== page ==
It's a hot summer day, and you and your friends have just walked out of Jeni's, cones in hand, piled with scoops of wonderfully delectable ice cream. Someone points to a cool display in a nearby store, and three seconds of window shopping quickly turns into three minutes. By the time you turn back to your ice cream, half of it has melted away onto your hand and on the sidewalk. Ugh.

Why does ice cream melt anyway? This is the question that people didn't even know to ask, but desperately want the answer to. Get ready to get sciency, folks. 

The Breakdown

This article describes the science of melting in simple terms. Think back to middle school science class: a solid turns to a liquid because it absorbs energy, and a liquid turns into a gas because it absorbs even more energy.

The same thing happens with ice cream. It's a solid that absorbs the heat energy around it. The warmer the atmosphere, the more energy there is. Since normal people eat ice cream in a warm environment as opposed to a colder one, the ice cream takes in the energy from the surrounding warm environment. If it isn't eaten fast enough, the once refreshing ice cream will be a sad puddle on the ground. 

The Melting Point

The temperature at which ice cream starts to melt all depends on the ingredients. Milk melts at 31 degrees Fahrenheit, but additional ingredients like sugar and cream have different melting temperatures, which can therefore alter how fast or slow ice cream melts.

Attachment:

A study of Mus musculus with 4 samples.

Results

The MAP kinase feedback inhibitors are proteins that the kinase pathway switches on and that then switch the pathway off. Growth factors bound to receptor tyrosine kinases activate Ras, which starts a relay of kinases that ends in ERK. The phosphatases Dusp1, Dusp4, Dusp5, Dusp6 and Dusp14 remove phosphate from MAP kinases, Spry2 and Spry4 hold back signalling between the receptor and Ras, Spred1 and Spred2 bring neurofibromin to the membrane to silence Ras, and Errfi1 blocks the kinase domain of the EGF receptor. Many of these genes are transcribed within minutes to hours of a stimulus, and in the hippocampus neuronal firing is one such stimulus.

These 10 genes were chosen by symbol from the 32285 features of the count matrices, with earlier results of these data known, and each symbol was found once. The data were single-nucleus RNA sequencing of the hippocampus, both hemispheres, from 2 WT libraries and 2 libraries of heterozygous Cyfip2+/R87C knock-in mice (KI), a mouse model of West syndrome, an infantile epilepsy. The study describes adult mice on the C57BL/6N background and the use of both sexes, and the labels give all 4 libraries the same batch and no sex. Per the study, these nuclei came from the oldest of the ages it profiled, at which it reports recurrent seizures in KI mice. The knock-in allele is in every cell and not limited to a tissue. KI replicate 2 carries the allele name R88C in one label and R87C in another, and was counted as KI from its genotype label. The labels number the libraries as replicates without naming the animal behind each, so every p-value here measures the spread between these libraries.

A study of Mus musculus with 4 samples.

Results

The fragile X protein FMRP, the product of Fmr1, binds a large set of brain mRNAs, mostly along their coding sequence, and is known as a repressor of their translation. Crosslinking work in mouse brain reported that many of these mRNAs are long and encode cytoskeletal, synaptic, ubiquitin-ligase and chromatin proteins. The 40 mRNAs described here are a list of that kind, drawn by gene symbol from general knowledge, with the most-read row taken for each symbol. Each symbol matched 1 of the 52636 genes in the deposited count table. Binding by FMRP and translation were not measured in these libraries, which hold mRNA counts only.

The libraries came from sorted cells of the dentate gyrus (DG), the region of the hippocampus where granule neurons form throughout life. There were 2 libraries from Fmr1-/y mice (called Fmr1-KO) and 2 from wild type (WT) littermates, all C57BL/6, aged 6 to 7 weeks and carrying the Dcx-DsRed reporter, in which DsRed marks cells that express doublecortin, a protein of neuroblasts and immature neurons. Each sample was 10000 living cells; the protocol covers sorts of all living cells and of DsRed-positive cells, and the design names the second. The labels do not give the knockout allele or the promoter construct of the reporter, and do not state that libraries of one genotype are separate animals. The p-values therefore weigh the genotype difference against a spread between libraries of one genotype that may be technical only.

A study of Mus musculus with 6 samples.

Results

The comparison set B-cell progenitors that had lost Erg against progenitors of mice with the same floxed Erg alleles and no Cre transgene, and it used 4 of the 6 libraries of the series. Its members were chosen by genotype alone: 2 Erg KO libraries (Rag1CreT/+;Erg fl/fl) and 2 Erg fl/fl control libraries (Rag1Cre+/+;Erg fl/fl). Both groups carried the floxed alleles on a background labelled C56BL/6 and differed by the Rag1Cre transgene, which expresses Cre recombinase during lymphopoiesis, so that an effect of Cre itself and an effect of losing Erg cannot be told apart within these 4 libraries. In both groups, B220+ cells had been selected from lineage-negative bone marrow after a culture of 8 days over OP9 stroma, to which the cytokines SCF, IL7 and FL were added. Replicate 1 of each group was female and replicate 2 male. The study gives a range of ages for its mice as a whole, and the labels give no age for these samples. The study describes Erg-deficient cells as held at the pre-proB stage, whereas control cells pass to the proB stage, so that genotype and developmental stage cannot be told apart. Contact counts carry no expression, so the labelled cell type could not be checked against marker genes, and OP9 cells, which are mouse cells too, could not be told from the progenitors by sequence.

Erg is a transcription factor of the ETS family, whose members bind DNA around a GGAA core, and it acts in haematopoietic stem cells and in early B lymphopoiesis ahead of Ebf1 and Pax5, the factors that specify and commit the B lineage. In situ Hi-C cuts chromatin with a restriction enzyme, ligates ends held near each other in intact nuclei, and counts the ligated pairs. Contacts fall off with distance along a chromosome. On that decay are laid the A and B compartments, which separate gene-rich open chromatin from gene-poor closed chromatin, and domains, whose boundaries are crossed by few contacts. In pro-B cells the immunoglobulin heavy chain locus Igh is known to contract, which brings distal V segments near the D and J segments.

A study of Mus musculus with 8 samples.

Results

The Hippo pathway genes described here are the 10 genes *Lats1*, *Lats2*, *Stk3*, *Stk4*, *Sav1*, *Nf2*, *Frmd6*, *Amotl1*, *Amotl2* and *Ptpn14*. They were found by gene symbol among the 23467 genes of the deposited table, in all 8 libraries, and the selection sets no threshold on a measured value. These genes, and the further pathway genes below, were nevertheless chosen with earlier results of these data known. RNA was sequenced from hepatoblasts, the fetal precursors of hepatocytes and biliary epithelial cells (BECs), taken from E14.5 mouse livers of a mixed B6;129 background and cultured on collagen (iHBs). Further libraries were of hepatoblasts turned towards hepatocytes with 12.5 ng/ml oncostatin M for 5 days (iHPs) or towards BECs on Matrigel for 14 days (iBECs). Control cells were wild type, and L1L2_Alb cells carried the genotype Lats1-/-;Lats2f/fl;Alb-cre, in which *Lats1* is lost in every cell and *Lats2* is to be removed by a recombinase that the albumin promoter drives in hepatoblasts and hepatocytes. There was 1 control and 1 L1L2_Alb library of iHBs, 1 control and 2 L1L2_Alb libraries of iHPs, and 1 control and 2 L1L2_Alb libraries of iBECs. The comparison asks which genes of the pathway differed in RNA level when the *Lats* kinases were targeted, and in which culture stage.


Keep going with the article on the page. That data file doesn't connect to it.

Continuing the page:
Can You Eat Melted Ice Cream?


Yay and Nay. There isn't much research out there about the safety of eating melted ice cream, but if it is still cold it should be safe to eat. I mean, that's basically what soft serve is.

However, if the melted ice cream is warm and has been outside for a bit, err on the side of caution and don't eat it. Ice cream is a dairy product, and it's recommended that milk be kept at 45 degrees Fahrenheit or less in order to prevent bacteria from growing. 

Can You Refreeze Ice Cream?


Technically you can refreeze ice cream, but it probably will not taste very good. When ice cream melts, the water in it melts too. When you refreeze water, it expands into larger crystals. In addition, ice cream is made up of 30-50% air, thanks to a fluffing process. When it melts, the air that once gave it a fluffy texture escapes. The refrozen ice cream will result in a "rough and crunchy flavor". Yuck. 

Ice cream is a worldwide food favorite that is always gone too soon. It can't be savored for too long, or else it will end up as a puddle at your feet or melted in the bottom of your bowl. You can ensure your ice cream lasts as long as possible by keeping it in an airtight container at the back of your freezer. This prevents exposure to changing temperatures caused by opening and closing freezer doors. If you're enjoying your treat outside, beware of hot temperatures.

Next time someone complains about melted ice cream, make Bill Nye proud with a sciency explaination. Enjoy!